Just when you thought everything was looking great, the stock market is making you think twice. After flirting with multiyear highs, the Dow Jones Industrials (INDEX: ^DJI ) have fallen for three consecutive days, and with the average down 72 points just before 11 a.m. EDT today, it looks like that streak may extend to four.
It's hard to pinpoint any one culprit for the malaise. On one hand, new home sales rose in July, supporting the idea that the housing market is finally recovering. The rebound in housing optimism has been a big part of why Dow component Home Depot (NYSE: HD ) has managed to perform so well lately, with the stock up slightly again this morning. But the prices of those new homes fell during the month, failing to confirm the turnaround that so many homeowners with underwater mortgages really need to see.
But overall, macroeconomic challenges have translated to specific headwinds for certain companies, and weak performance has pushed many stocks down. Hewlett-Packard (NYSE: HPQ ) is today's best example, falling more than 6% after announcing earnings last night that left investors wondering how the company will manage to survive a PC market that shows ever-worsening signs of decline. HP's news also has substantial implications for chip maker Intel (Nasdaq: INTC ) , which despite attempts to diversify its business still remains highly dependent on PC-related chip sales. Intel fell more than 2%.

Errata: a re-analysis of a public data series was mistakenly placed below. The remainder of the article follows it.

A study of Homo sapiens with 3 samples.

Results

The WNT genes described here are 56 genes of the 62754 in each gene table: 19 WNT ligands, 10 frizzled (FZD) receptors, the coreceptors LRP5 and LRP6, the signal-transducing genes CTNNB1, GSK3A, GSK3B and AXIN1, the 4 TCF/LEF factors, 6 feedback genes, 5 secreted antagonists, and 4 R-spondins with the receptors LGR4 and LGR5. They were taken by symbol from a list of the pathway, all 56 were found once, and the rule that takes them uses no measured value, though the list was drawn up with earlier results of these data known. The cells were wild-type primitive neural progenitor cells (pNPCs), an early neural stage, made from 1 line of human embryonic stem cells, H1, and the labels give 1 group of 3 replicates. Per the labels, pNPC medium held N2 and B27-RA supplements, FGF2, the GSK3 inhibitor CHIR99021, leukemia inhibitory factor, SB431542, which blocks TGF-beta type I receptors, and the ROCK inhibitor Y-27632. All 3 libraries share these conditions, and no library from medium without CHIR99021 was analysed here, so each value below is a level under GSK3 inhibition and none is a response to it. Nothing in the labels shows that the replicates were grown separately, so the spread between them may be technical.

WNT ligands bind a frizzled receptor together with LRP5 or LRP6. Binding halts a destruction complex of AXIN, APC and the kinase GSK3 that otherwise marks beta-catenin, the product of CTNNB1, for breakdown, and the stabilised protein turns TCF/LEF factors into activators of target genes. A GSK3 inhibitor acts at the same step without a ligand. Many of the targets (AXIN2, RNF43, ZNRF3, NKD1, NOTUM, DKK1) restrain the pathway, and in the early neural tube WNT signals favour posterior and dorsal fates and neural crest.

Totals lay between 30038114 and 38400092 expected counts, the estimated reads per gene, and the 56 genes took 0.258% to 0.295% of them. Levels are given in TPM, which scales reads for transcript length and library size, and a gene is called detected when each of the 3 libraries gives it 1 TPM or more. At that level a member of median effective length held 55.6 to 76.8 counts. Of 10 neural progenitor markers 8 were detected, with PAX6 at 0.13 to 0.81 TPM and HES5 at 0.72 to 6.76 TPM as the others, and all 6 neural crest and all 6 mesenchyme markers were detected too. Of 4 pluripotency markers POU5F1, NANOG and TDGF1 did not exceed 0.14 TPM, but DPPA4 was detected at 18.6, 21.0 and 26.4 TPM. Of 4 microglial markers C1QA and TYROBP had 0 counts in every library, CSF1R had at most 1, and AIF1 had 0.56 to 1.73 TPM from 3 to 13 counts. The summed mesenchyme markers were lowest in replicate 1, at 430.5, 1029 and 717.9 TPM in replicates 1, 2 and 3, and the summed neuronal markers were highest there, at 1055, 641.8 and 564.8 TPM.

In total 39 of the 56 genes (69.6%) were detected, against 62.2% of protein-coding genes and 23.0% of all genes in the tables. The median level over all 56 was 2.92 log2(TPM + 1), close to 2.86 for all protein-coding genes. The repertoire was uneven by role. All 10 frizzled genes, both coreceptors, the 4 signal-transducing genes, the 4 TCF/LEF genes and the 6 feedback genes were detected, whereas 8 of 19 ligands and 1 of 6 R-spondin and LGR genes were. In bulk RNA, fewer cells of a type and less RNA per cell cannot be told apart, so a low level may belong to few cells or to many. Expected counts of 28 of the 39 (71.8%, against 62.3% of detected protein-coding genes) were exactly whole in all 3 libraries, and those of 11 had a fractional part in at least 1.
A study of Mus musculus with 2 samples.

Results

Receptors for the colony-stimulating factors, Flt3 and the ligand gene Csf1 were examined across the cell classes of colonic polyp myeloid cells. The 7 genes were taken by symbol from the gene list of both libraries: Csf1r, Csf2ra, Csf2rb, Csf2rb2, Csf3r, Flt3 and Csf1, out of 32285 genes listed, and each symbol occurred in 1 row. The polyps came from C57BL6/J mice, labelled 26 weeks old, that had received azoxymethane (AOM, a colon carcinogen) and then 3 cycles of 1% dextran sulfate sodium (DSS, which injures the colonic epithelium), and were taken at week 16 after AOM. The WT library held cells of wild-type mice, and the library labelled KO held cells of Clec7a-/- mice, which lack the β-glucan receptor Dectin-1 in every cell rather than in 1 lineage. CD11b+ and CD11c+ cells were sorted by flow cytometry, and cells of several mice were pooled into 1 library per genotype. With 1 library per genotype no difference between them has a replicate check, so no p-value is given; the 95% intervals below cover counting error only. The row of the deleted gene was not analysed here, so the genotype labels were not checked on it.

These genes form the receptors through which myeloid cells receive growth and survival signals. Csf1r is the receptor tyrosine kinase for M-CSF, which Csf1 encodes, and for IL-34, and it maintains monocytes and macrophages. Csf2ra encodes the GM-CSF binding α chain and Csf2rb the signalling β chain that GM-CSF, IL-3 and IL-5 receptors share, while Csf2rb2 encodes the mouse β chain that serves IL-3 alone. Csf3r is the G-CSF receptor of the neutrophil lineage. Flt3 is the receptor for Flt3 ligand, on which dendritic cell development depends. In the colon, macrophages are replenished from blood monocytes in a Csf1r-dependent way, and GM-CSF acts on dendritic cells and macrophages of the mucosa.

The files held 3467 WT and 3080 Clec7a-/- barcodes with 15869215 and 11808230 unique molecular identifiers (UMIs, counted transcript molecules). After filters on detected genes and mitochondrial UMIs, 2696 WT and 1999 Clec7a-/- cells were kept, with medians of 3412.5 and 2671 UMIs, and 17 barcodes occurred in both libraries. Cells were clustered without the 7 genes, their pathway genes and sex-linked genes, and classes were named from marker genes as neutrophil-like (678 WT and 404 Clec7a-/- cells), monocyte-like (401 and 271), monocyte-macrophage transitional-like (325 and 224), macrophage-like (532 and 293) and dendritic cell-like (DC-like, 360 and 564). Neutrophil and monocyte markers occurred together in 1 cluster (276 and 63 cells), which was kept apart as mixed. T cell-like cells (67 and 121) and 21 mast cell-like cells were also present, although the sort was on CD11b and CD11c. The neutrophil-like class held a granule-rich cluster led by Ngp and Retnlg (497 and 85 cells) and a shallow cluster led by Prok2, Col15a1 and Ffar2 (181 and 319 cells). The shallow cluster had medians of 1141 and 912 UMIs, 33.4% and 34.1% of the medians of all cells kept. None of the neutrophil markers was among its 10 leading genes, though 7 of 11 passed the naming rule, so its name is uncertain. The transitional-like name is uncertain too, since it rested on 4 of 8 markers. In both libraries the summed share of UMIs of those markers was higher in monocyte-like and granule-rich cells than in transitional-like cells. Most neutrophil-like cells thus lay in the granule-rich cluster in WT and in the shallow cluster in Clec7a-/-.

If the damage were isolated to tech, it'd be easier to dismiss it. But other signs abound. Boeing (NYSE: BA ) lost more than 2.5% today on news that airline Qantas cancelled its order for 35 of Boeing's Dreamliner 787 aircraft, a contract that was worth $8.5 billion. Combined with compensation that Boeing will have to pay Qantas for production delays, the move is a big hit for the aircraft maker, but it shows how economic weakness can ripple throughout the economy.
Calls for further stimulus reflect the pessimism in the economy, but the Fed can't solve the market's woes. Eventually, businesses have to step up and earn their profits if they expect to succeed.
Break the streak
A long string of declines can get you down. But the right long-term perspective can make things a lot easier. If you can ignore some of the noise and focus on making the right strategic decisions for your portfolio, you'll do a lot better.
Part of succeeding with that is getting the best information you can find. For instance, Intel may be down from weak PC demand, but it has a lot of irons in the fire. Get the full scoop by reading through our top tech analysts' thoughts on Intel here.